AI Case Study
MIT Fellow Assia Boundaoui to triangulate redacted information from FBI documents based on past releases using AI
Algerian-American filmmaker and journalist Assia Boundaoui had been investigation the FBI's surveillance practices on her Illinois Arab community. Following a lawsuit in 2017, the bureau has released 33,120 pages of information collected on Muslim communities. However, some information was redacted from the documents. As part of her fellowship at the Co-Creation Studio at the MIT Open Documentary Lab, Boundaoui is to apply AI to triangulate information from past releases of the FBI on similar matters to reveal the missing information. The program, called the Inverse Surveillance, is aimed at finding historic patterns in documents and has been demonstrated last October.
Public And Social Sector
"A journalist determined to shed light on an FBI operation that saw US Muslim families spied on for two decades is using artificial intelligence to fill in the blanks in a heavily redacted trove of 33,000 documents she forced the bureau to release.
Algerian-American filmmaker Assia Boundaoui had been investigating the bureau's covert surveillance of her Illinois Arab community for two decades before 911.
Determined to get to the bottom of what the documents contained, she hit on the idea of using artificial intelligence to scan past releases by the FBI to triangulate the information that has been taken out.
The AI program, called the Inverse Surveillance, is being conducted as part of Ms Boundaoui's fellowship at the Co-Creation Studio at the MIT Open Documentary Lab. It will analyse hundreds of thousands of documents collated by the bureau on people of colour over the past 100 years, and will reveal historic patterns on tactics it used during operations such as COINTELPRO, which it launched to carry out surveillance on the civil rights and black power movements led by Martin Luther King and Malcolm X. It will also be based on historic surveillance of Arab, Latino, Asian and indigenous communities in America.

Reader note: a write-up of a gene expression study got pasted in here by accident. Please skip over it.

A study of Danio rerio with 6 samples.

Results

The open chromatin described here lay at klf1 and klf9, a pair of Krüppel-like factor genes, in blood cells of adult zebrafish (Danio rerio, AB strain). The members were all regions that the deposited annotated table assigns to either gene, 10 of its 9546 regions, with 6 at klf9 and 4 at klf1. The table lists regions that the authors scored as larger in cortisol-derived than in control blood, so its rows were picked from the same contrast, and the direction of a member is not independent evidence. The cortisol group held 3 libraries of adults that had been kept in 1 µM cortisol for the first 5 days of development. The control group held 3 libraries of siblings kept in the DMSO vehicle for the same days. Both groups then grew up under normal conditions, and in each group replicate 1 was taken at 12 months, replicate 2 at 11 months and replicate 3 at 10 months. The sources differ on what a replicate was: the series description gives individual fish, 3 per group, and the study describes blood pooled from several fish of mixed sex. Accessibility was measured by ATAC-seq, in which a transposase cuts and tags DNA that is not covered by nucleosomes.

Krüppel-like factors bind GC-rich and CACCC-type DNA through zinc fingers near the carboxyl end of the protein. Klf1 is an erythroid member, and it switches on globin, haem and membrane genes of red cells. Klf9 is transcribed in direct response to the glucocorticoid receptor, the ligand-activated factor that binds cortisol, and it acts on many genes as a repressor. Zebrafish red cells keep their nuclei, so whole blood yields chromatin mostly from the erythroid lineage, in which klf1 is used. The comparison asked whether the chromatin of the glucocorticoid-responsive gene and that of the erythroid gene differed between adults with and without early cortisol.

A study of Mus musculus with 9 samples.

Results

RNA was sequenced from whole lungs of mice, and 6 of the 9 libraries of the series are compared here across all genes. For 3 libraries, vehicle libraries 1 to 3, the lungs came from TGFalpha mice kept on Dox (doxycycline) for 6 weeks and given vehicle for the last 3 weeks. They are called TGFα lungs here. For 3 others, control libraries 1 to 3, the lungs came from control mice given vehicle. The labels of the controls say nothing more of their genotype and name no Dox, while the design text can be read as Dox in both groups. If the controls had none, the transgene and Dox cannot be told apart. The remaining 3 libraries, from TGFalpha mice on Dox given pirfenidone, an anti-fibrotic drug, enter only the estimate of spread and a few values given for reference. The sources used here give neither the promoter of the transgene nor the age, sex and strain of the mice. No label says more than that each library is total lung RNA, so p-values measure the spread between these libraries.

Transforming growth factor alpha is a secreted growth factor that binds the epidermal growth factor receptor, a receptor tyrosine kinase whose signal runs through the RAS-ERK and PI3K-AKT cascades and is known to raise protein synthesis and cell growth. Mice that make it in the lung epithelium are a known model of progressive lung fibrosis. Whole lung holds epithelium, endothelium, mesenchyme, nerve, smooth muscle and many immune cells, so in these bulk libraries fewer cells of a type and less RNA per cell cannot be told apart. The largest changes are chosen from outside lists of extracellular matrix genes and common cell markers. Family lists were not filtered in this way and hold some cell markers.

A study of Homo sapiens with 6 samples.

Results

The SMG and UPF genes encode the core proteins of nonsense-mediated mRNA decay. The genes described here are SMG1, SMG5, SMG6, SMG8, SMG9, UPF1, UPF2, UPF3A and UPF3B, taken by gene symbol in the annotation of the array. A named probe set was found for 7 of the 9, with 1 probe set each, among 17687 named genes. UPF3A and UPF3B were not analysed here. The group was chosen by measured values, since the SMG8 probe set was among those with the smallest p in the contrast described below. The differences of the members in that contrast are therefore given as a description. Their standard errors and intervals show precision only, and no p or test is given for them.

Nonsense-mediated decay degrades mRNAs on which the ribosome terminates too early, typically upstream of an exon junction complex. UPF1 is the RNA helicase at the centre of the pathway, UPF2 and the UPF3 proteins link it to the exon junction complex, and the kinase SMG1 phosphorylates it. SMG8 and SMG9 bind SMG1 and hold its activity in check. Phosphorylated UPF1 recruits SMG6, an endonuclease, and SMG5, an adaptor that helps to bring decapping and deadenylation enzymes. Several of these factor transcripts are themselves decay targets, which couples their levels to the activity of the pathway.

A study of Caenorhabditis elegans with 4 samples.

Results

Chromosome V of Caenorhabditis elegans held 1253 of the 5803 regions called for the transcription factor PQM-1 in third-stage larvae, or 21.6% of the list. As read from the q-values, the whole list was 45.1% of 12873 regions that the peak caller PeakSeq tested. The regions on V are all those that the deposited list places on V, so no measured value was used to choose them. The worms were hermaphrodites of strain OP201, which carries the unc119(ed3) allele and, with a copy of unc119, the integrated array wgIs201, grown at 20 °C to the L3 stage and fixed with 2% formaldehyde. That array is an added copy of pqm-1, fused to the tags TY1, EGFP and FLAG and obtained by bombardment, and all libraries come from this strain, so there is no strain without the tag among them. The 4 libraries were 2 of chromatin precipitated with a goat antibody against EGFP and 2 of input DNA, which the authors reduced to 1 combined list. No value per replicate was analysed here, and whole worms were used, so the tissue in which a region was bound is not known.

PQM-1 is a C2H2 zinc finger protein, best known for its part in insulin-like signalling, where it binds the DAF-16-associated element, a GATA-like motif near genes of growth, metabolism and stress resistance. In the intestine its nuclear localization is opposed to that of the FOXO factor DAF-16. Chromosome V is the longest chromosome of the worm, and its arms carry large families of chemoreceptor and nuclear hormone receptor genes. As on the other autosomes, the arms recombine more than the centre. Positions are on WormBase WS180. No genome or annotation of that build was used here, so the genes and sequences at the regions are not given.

“The idea is to understand patterns the FBI uses, tactics they’ve used on communities of colour, how they ran these operations and why," Ms Boundaoui said.
“On a general level, I want to understand how the FBI operated for the past 100 years in communities of colour and why they’ve chosen to ‘otherise’ these communities. On the other hand, it’s really basic, I want answers to my questions, including: why did the FBI focus on my community?
Ms Boundaoui, who spoke to The Independent at the Human Rights Watch Film Festival in London – where her documentary about Operation Vulgar Betrayal, The Feeling of Being Watched, had its debut – said that once it was developed, the AI tool would be used to stage temporary public art installations.
She said her team had demonstrated it using “guerrilla art intervention” last October by projection-mapping redacted documents superimposed with family home videos over the FBI's Hoover Building headquarters, aiming to “shine a light on the secrecy that shrouds the systemic mass surveillance of Muslims in America”.
The algorithm, she said, was a step closer to demonstrating how technology had the power to manifest radical transparency in such a climate of shame.
“Surveillance gets its power from secrecy and the best way to bust it is to not be secret about it, to talk out loud about it," she said.
"So it’s been very powerful, not just for people who have experienced this in the Muslim community, but for general audiences to share what happened, and to not keep this dirty secret any more”."
Results not yet available
"In 2017, the 33-year-old won a lawsuit to force the release of 33,120 pages of information collected on Muslim communities, including her own, across the US in an operation codenamed Vulgar Betrayal.
As a result, the FBI was compelled to send Ms Boundaoui records in bundles of 3,000 pages each month.
Ms Boundaoui said the information contained in the documents, which did not lead to any terrorism convictions of Muslim community members in Illinois, was apparently redacted in part for “national security purposes”."